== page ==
Google Offers Email Assistant & Open-sources the AI Algorithms

by • November 13, 2015 • Comments (0)


In a show of engineering wizardry, last week Google rolled out an email assistant app to handle your inbox when you cannot. This week, Google open-sourced part of its powerful artificial intelligence (AI) engine, TensorFlow.

The email assistant, Smart Reply, is built using  the software and capabilities of TensorFlow. Available for iOS and in the App store, Google created its Smart Reply app for people with a lot of email, and too little time to reply. Between here and there, mobile users often suffer inbox build-up. If you struggle through email that requires a fast response, Google Smart Reply may be just what you need.

Smart Reply functionality looks like this:

  • Using AI neural networks, the Smart Reply app analyzes email inputs and outputs. With enough practice and learning, the algorithms atop the TensorFlow engine create a list of numbers, like a meme, called a vector.
  • Once categorized, the vector is able to infer general topics. With enough training and data, Smart Reply understands a conversation about setting up a meeting, or other action.
  • Using another neural network, potential outputs are analyzed and created—giving the mobile user pre-written options to respond to the email.

Google’s move to open source portions of TensorFlow kicks open the door for the rapid community development of AI capabilities and products.

A Google give-away?

On November 9, Google open sourced portions of TensorFlow, describing the AI engine as “our second-generation machine learning system… TensorFlow is general, flexible, portable, easy-to-use, and completely open source.”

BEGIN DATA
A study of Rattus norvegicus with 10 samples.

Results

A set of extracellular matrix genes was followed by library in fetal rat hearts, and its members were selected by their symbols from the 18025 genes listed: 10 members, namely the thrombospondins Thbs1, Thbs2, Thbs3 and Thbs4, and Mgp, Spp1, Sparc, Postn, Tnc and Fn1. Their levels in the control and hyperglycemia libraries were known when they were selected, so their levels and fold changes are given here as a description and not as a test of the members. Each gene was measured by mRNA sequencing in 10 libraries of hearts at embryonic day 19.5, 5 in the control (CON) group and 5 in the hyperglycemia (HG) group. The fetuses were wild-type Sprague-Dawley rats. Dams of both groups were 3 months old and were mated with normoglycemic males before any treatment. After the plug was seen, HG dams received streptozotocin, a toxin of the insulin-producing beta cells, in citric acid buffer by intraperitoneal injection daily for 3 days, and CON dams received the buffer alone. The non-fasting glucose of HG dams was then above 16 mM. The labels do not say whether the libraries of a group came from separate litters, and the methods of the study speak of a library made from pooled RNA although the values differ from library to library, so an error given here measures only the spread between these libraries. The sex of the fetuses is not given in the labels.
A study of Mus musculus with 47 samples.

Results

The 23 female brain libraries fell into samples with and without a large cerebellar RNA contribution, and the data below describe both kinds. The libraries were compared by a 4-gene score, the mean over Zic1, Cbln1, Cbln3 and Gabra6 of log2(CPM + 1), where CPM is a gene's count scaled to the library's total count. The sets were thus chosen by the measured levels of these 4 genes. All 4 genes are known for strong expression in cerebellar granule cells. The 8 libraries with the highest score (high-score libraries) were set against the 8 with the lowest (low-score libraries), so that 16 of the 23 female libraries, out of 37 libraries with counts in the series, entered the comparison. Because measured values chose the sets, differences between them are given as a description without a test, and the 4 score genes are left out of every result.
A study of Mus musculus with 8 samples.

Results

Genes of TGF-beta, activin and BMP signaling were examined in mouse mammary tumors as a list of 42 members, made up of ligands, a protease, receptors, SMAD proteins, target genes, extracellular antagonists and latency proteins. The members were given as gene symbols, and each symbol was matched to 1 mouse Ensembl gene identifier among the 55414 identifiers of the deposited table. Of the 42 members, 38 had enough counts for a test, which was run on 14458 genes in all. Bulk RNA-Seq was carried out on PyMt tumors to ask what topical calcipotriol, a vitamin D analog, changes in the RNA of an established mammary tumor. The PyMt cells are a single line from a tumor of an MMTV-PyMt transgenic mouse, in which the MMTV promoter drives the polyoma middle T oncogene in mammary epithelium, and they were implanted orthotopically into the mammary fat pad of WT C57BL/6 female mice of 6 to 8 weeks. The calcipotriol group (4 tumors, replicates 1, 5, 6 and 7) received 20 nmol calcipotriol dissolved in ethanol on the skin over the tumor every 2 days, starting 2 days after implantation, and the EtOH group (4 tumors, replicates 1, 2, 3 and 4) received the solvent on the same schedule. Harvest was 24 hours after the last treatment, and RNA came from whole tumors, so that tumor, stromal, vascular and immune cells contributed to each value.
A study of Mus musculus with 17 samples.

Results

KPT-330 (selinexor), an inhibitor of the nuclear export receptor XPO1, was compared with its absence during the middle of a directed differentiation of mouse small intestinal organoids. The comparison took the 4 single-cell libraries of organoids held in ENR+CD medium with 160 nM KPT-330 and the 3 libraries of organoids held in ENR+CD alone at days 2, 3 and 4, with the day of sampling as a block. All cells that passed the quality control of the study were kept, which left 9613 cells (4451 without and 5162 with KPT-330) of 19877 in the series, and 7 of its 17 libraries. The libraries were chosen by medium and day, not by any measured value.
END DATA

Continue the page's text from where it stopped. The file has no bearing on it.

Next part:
Sharing on Google +, Vincent Vanhoucke, a Google tech manager writes, “TensorFlow is what we use every day in the Google Brain team, and while it’s still very early days and there are a ton of rough edges to be ironed out, I’m excited about the opportunity to build a community of researchers, developers and infrastructure providers around it.”

While Google is well-respected for its research advances, it is not commonly known for giving away highly marketable, proprietary software and hardware information. The answer seems to be that Google is giving away just enough information to spark innovation and creation—but not enough to lose its competitive advantage with AI.

According to Wired, Google is managing the release and use of select TensorFlow features as follows:

  • While Google is sharing the TensorFlow code for use through an open licensing agreement, the TensorFlow development project remains housed at Google.
  • TensorFlow is built for coders who want to use Python, or C++, but the code can be translated to languages like Javascript, or Google Go, among others.
  • The algorithms, and sample sets released by Google are sufficient for training models on public data sets, but not across machines. As noted by Skymind start-up entrepreneur, Chris Nicholson, “Google is still keeping an advantage. To build true enterprise applications, you need to analyze data at scale.”

From apps to autonomous robotics, artificial intelligence is a field primed for explosive growth. On November 5, car maker Toyota announced a $1 billion investment in an artificial intelligence and robotics technology research center in Silicon Valley.

States Jeff Dean, Senior Google Fellow, “Deep Learning has had a huge impact on computer science, making it possible to explore new frontiers of research and to develop amazingly useful products that millions of people use every day.”

For mobile apps, automobiles, and other adventures—the future of AI is wide open.